The future of the retail industry will be shaped by a range of disruptive themes, with environmental, social, and governance (ESG) being one of the themes that will have a significant impact on retail companies. 

Sustainability has morphed into an umbrella term for ESG issues. The movement continues to gain momentum as consumers, governments, regulators, and the media turn the spotlight on corporations and demand action. Social inequality, corruption, tax avoidance, and a lack of action on climate change are all issues that companies must now address head-on, in full public view. 

The emergence of ecommerce platforms has created new opportunities, and the Covid-19 pandemic has not only accelerated the online shift but also increased the importance of sustainability. Retailers are finding new approaches to future-proof their business while reducing their carbon footprint. Investing in sustainable practices not only helps retailers fight climate change but also allows them to cut costs in the long run. Many consumers are aware of the concept of greenwashing, so it is of utmost importance that retailers fulfil their ESG targets and goals. By proving their authenticity across all aspects of ESG, retailers will attract ethical consumers and expand their customer base. 


According to GlobalData’s thematic research report, ESG in Retail and Apparel, leading adopters include: Intelligent Label Solutions (ITL), Marks & Spencer, Ikea, REWE, Home Depot, Edeka, Auchan, Dm-Drogerie Markt, Food Lion, Home Depot, Woolworths, Gap, Carrefour, Diageo and British American Tobacco. 

Insights from top ranked companies  

IKEA 

IKEA launched a programme in June 2021 to work towards its goal of using 100% renewable electricity throughout its value chain. It also converted its lighting range to energy-efficient LEDs. One of IKEA’s most sustainable items is its sofa frame that uses 13 assembly parts, as opposed to the original 122 parts. In turn, this reduces the amount of water, energy, and packaging used.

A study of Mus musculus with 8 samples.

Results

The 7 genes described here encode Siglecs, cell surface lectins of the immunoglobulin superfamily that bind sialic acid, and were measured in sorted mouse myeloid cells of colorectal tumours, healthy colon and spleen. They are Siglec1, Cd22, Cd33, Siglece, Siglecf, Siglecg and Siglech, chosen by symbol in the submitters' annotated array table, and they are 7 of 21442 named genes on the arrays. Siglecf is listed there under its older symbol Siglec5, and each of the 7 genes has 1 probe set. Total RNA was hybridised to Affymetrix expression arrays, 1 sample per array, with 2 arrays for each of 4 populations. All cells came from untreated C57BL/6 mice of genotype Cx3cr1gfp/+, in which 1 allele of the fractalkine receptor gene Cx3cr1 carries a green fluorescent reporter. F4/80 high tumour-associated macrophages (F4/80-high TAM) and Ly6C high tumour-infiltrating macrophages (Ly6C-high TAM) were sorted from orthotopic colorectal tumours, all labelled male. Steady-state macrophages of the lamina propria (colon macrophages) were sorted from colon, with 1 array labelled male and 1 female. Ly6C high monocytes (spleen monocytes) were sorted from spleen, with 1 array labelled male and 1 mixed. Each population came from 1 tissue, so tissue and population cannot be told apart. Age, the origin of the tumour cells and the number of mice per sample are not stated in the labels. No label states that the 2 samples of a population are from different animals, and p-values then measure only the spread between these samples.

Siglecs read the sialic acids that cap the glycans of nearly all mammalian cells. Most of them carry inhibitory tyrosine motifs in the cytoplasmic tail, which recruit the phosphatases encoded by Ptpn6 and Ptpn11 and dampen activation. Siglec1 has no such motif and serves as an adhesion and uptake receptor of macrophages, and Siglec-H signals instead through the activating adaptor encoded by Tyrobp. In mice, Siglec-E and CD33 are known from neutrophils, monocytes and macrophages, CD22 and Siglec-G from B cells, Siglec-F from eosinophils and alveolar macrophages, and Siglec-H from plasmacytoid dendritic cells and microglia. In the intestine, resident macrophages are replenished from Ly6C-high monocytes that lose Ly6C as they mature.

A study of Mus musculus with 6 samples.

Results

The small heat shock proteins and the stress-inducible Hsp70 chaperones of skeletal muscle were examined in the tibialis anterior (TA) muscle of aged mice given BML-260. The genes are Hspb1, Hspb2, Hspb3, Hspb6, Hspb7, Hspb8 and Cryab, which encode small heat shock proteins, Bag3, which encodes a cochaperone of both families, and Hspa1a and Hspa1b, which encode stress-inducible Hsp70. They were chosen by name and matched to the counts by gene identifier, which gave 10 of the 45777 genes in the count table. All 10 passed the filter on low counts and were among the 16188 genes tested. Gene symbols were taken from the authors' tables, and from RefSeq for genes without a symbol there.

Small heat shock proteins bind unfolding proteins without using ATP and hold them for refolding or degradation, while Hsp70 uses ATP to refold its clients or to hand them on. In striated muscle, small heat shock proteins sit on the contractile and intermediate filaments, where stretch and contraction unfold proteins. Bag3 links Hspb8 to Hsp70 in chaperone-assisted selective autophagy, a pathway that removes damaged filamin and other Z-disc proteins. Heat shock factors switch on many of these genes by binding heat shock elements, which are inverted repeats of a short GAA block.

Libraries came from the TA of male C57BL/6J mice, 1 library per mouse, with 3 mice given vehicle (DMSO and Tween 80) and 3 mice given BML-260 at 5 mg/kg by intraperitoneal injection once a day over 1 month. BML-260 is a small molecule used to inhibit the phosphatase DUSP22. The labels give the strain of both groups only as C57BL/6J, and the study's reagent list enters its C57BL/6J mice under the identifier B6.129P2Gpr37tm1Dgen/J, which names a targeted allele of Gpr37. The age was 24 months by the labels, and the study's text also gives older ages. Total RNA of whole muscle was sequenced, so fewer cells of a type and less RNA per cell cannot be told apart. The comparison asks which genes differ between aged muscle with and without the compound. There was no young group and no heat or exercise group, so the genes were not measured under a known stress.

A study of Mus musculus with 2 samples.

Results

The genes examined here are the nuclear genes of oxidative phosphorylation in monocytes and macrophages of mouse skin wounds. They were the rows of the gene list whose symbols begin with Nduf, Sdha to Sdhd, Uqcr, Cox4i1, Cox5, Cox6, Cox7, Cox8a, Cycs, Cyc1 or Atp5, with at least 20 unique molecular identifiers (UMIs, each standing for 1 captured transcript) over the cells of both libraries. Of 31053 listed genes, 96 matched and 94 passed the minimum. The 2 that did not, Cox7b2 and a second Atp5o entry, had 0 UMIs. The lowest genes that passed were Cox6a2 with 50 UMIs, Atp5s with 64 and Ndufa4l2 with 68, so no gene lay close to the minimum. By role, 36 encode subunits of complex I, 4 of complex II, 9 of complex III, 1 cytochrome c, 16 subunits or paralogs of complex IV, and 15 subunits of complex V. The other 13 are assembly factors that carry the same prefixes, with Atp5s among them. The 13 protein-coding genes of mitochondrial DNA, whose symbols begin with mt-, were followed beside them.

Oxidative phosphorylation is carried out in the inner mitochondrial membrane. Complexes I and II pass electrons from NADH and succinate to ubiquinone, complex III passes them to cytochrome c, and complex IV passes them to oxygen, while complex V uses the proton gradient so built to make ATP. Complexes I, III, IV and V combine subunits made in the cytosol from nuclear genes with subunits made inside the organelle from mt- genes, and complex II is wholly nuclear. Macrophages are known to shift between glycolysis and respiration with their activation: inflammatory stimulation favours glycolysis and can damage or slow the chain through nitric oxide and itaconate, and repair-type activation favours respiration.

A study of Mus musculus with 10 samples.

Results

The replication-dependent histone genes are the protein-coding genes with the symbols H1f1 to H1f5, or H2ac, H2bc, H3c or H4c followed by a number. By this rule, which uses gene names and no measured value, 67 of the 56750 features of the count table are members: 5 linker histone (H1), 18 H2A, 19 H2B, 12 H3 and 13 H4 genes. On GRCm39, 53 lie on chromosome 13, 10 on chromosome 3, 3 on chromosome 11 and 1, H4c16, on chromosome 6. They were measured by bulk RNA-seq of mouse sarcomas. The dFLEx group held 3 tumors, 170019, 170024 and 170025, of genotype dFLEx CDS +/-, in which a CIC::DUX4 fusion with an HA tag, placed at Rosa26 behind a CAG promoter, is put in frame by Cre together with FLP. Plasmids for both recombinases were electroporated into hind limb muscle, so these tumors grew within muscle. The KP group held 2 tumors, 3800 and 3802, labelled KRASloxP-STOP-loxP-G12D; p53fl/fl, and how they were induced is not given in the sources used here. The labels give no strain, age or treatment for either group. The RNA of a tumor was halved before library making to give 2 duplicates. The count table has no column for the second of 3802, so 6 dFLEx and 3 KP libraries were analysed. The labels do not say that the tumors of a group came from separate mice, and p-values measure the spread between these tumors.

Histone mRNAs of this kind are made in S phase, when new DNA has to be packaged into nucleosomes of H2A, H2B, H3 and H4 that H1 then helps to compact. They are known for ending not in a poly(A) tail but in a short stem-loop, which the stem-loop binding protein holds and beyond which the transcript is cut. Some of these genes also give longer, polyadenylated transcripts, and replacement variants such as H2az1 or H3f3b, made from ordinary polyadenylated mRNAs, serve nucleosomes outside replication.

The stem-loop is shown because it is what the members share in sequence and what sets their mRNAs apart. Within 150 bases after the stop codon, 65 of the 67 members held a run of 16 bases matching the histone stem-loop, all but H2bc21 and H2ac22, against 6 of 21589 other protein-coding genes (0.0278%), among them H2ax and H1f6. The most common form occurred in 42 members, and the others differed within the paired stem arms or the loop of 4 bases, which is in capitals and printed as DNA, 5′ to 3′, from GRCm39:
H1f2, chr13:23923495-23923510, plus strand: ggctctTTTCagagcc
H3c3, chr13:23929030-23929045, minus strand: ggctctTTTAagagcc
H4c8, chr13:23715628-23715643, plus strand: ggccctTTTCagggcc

REWE 

REWE stores run on 100% green electricity. Its Green Building stores have large glass walls to increase natural daylight and allow it to grow its own herbs on the roof and rear freshwater fish. The aquaponics circuit built on the roof means the fish and plants share the same water to reduce water waste. 

Carrefour 

Carrefour Group has been among the top five leading global retailers in the Dow Jones Sustainability Index (DJSI) for four years in a row. The DJSI indices assess the results of the Corporate Social Responsibility (CSR) policies implemented. Carrefour has also been given an A- in the Carbon Disclosure Project’s (CDP) climate programme, a B in its Forests programme, and an A- in its Water programme. Carrefour has received an MSCI ESG rating of AA, making it a leader in sustainability. 

To further understand the key themes and technologies disrupting the retail industry, access GlobalData’s latest thematic research report on ESG in Retail and Apparel

GlobalData, the leading provider of industry intelligence, provided the underlying data, research, and analysis used to produce this article.

GlobalData’s Thematic Scorecard ranks companies within a sector based on their overall leadership in the 10 themes that matter most to their industry, generating a leading indicator of their future earnings and relative position within key strategic areas.